Give the Southeast Side a cleaner alternative to piling up waste from dredging

Instead of a promised park, the U.S. Army Corps of Engineers wants to expand a contained disposal facility for another 20 years or more.


Amalia NietoGomez, executive director and lead organizer at Alliance of the SouthEast, poses for a picture on the lakefront on Oct. 14. Behind the breakwater is the confined disposal facility operated by the U.S. Army Corps of Engineers, which it plans on expanding.

Pat Nabong/Sun-Times

More than 35 years ago, the U.S. Army Corps of Engineers built its “confined disposal facility” (CDF) to dump dredging wastes from the Calumet River — containing toxic materials — on the Southeast Side along the Lake Michigan shoreline. The Army Corps pledged to close and seal this toxic dredge dump in the 1990s and convert the land into a new shoreline park to be enjoyed by community residents for years to come. That hasn’t happened.

The Army Corps is still using this dredge waste dump. Now, instead of the promised park, the Army Corps wants to expand the confined disposal facility for another 20 years or more. That would mean more toxic dredge wastes in the community along the shoreline, more threats from rising Lake Michigan water levels and no park, though it was long promised.

Opinion bug

Opinion

It’s time for better alternatives and more equitable approaches by the Army Corps, the Illinois EPA and the city of Chicago. The Army Corps is planning business as usual, while it should be looking at ways to reduce run-off and contamination that make dredge-dumping necessary, as well as alternative sites outside of the historically toxic-burdened Southeast Side and away from the rising tides of Lake Michigan.

The Alliance of the SouthEast, the Environmental Law & Policy Center, and Friends of the Parks submitted detailed comments to the Illinois EPA urging the agency to deny the Army Corps’ permit application to continue operating the disposal facility because it does not fully protect Lake Michigan and the surrounding communities. Our organizations are calling on the Army Corps to seal this toxic dredge dump, make it safe and convey it to the Chicago Park District.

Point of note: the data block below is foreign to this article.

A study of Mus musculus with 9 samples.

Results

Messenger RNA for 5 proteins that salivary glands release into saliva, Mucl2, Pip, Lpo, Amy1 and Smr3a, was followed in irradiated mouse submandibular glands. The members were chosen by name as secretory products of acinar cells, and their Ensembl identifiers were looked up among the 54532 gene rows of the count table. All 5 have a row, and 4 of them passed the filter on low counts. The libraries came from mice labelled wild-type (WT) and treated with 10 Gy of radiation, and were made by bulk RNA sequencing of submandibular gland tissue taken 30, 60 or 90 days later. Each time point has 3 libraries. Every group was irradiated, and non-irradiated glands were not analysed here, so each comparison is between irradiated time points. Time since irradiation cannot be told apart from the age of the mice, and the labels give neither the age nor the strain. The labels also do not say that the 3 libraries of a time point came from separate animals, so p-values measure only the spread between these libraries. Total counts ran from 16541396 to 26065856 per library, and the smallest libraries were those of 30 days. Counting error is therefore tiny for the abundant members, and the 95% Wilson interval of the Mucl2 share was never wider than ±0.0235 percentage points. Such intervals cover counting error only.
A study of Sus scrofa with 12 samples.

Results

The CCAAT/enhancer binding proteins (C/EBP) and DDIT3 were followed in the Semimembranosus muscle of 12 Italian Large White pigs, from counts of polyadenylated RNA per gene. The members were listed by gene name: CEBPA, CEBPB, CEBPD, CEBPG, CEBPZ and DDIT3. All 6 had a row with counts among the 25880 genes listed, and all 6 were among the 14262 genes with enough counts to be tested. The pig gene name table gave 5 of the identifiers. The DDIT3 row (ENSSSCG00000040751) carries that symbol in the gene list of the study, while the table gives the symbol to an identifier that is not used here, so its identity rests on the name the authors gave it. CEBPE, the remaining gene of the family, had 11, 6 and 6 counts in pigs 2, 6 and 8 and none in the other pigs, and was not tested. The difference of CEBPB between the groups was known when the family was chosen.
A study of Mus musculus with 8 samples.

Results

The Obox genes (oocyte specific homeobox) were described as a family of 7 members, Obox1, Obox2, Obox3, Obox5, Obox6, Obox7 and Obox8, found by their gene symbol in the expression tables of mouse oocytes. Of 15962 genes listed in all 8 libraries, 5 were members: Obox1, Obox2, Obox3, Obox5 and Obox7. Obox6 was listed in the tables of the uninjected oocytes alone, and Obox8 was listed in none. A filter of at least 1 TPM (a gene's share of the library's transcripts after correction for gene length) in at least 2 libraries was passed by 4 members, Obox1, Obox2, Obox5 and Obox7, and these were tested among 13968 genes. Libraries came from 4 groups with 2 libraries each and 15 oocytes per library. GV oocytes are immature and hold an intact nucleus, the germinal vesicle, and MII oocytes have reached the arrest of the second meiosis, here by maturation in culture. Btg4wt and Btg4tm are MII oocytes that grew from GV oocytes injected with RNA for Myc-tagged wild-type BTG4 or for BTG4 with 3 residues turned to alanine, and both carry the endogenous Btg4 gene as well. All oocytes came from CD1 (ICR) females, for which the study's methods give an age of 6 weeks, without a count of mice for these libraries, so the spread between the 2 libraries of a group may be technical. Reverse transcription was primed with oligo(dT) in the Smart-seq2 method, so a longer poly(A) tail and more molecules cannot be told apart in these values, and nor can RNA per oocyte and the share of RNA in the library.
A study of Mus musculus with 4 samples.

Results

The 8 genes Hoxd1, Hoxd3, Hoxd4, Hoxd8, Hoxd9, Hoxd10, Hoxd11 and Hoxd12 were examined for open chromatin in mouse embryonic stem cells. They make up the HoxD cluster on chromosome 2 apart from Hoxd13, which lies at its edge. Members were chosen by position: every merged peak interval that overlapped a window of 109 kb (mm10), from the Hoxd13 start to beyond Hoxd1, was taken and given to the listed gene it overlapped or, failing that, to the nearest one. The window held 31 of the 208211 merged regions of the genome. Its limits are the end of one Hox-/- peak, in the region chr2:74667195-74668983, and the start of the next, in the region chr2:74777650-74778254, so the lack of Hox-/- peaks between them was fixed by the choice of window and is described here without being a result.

Here’s what should happen now:

First, as the National Environmental Policy Act requires, the Army Corps should “rigorously explore and objectively evaluate all reasonable alternatives,” including reducing the amount of dredged materials and locating a new, safer storage facility for dredge wastes away from residential and environmental justice neighborhoods.

It’s also important to move toxic wastes away from the lakeshore because climate change is causing higher Lake Michigan water levels and storm surges that could affect safety at the toxic dredge dump. Why run the risks the confined disposal facility may already be leaking or could be breached, thereby resulting in toxic materials spilled into Lake Michigan?

The Army Corps should change its plans and stop asking the Illinois EPA for a permit to expand this toxic dredge dump.


Third, Mayor Lori Lightfoot and the city of Chicago should step up to oppose the expansion permit and instead support “rigorous exploration” of green infrastructure to reduce run-off into the waterways and alternative locations for a disposal facility that isn’t close to residential neighborhoods and in communities already burdened by environmental contamination. The mayor should support creation of the new shoreline public park for the Southeast Side community.

Our federal, state and city government leaders and agencies should pivot to advance better alternatives. Let’s avoid burdening the Southeast Side community with more toxic pollution threats and harms; protect Lake Michigan from the risks of toxic leaks and contamination along the shoreline; and create the new lakeshore park that was promised decades ago.

This is the time for better alternatives instead of misguided business as usual.

Amalia NietoGomez is executive director of the Alliance of the SouthEast, Howard Learner is executive director of the Environmental Law & Policy Center, and Juanita Irizarry is executive director of Friends of the Parks.